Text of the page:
Linked with Americas Program.
Published on Americas Program, by Laura Carlsen, September 10, 2009.
Mexico has been considered the laboratory of globalization since it initiated the North American Free Trade Agreement in 1994. In April of 2009 a deadly virus germinated in that laboratory, finding ideal conditions to move quickly into a global pandemic …
… Integrated Risk Management or Integrated Risks?
It’s ironic and inexcusable that the most integrated region in the world responded so poorly to the recent epidemic. One of the main selling points for the extension of NAFTA into the Security and Prosperity Partnership (SPP) was that a working group was preparing integrated response to epidemics that would make all North Americans safer. In fact, this was one of the few publically announced activities of the secretive working groups that primarily devote their activities to making it easier for companies like Smithfield and Tyson to do business throughout the continent.
The SPP North American Plan declares that it provides a framework to accomplish the following:
- Detect, contain, and control an avian influenza outbreak and prevent transmission to humans;
- Prevent or slow the entry of a new strain of human influenza into North America;
- Minimize illness and deaths; and
- Sustain infrastructure and mitigate the impact to the economy and the functioning of society. The plan supposedly established mechanisms to coordinate actions, monitor outbreaks, and supervise animal farms.
Mexico, despite being a poor country with greater risk of disease, had not received the technology needed to immediately analyze flu strains and therefore had to send samples to the Canadian Health Ministry and the Center for Disease Control (CDC) in Atlanta for analysis. About a week was lost in this process …
… A People’s Movement for Biosafety:
The whole system must be carefully analyzed and changed to stop the globalization of disease and prevent another deadly flu outbreak. The effort must start with the investigation and regulation of large livestock farms, leaving open the possibility that this model must be scrapped completely. Now that the origin of the virus is known, factory farms must become a center of research.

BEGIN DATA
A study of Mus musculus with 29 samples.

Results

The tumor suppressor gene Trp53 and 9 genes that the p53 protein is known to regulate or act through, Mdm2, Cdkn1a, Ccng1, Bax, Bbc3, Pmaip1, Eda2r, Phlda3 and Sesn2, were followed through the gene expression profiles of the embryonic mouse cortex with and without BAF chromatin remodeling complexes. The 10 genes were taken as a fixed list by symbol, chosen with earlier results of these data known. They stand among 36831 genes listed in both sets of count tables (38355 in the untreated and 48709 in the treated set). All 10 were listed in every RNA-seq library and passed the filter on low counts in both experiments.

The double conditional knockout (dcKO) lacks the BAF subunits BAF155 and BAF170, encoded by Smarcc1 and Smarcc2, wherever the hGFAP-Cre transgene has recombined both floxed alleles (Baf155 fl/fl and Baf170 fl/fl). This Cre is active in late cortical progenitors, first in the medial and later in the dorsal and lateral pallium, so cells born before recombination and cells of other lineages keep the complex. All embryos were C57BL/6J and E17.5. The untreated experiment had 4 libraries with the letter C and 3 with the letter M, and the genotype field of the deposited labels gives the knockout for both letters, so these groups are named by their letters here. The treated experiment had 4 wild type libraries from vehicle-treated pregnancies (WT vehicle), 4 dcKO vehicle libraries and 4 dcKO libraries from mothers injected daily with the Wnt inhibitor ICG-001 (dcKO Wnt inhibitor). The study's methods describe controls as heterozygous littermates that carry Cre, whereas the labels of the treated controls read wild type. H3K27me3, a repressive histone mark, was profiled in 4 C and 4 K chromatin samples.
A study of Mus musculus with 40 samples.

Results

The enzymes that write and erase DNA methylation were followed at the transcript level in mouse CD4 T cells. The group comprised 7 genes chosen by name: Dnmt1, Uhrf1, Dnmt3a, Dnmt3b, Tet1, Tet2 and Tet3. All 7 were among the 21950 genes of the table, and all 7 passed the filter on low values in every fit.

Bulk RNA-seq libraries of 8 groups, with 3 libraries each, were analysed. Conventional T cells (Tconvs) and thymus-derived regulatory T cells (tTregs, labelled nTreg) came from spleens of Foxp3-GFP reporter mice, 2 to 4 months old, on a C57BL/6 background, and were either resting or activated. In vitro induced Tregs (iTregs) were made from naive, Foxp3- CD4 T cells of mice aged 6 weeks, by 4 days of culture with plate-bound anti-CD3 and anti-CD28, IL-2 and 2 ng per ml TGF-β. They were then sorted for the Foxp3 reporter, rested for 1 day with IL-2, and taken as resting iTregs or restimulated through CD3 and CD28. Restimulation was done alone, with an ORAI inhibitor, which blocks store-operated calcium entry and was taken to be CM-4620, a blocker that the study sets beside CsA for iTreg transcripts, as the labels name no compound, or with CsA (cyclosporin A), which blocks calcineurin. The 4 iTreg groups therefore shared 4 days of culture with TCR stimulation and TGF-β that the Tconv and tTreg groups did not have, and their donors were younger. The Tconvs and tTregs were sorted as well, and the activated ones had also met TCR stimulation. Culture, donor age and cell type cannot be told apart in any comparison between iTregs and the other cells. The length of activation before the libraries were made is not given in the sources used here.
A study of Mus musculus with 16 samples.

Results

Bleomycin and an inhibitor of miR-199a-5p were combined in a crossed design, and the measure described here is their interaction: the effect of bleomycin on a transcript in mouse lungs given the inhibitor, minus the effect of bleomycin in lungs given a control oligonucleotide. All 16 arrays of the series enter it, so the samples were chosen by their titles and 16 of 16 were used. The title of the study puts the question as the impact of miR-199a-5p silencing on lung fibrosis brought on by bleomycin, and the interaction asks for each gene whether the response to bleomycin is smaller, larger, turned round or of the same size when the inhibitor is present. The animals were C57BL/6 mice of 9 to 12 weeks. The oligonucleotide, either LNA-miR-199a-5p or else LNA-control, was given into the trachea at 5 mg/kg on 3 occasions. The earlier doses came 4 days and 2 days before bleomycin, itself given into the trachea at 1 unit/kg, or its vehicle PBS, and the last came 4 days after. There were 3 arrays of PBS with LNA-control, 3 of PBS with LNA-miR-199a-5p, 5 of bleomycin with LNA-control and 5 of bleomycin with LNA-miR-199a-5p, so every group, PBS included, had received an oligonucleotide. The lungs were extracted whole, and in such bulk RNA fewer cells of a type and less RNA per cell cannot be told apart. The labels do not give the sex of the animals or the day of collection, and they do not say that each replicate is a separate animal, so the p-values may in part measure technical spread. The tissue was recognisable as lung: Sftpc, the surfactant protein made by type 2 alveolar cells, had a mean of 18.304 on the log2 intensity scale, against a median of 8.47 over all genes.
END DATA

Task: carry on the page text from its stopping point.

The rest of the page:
Mexico’s experience as the epicenter of the swine flu pandemic provides an opportunity to expose a system that didn’t work. Without elaborating on each, here is a list for further collective analysis:
- Self-monitoring of industry and globalization provisions that enable polluting industries to locate where laws and enforcement are lax encourage practices that threaten health and the environment, like open-pit manure lagoons, non-reporting of animal illness, cover-ups, and other factors that contributed to the swine flu epidemic.
- The centrality of foreign investment in the Mexican economy creates a climate where transnational corporations with large investments can exercise coercive power over government agencies on all levels.
- NAFTA failed to promote a strategically important technology transfer to Mexico in the health field and others, and has proved a disincentive to national research and development.
All analysis must include a gender perspective. Women made up 56% of the deaths from the swine flu in Mexico and pregnant women are at greater risk of severe illness and death. Since the H1N1 flu attacks a middle age range, this poses a serious challenge. Also the compromised immune systems of many Mexicans who live without adequate health and nutrition—a condition that includes a disproportionate number of women—contributes to flu mortality rates.
GRAIN reports that “Communities like La Gloria are on the front line of resistance to pandemics, but they are totally excluded from official responses or strategies … The link between factory farming and the growing threat of pandemic diseases in humans is undeniable, and even if governments and international agencies continue to toe the corporate line, local struggles against factory farms have assumed their rightful place at the center of the global response to emerging diseases.”
As these people’s movements grow throughout the world, we can expect more pushback from corporate factory farmers. Citizen networks need to organize to carry out and publicize independent studies, draft national and international policy proposals for greater regulation, conduct popular education campaigns on the risk of factory farms, and organize to wield greater force in changing the dangerous conditions posed by these farms to the entire world. (full text).
(Laura Carlsen (lcarlsen(a)ciponline.org) is the director of the Americas Program (www.americaspolicy.org) for the Center for International Policy in Mexico City).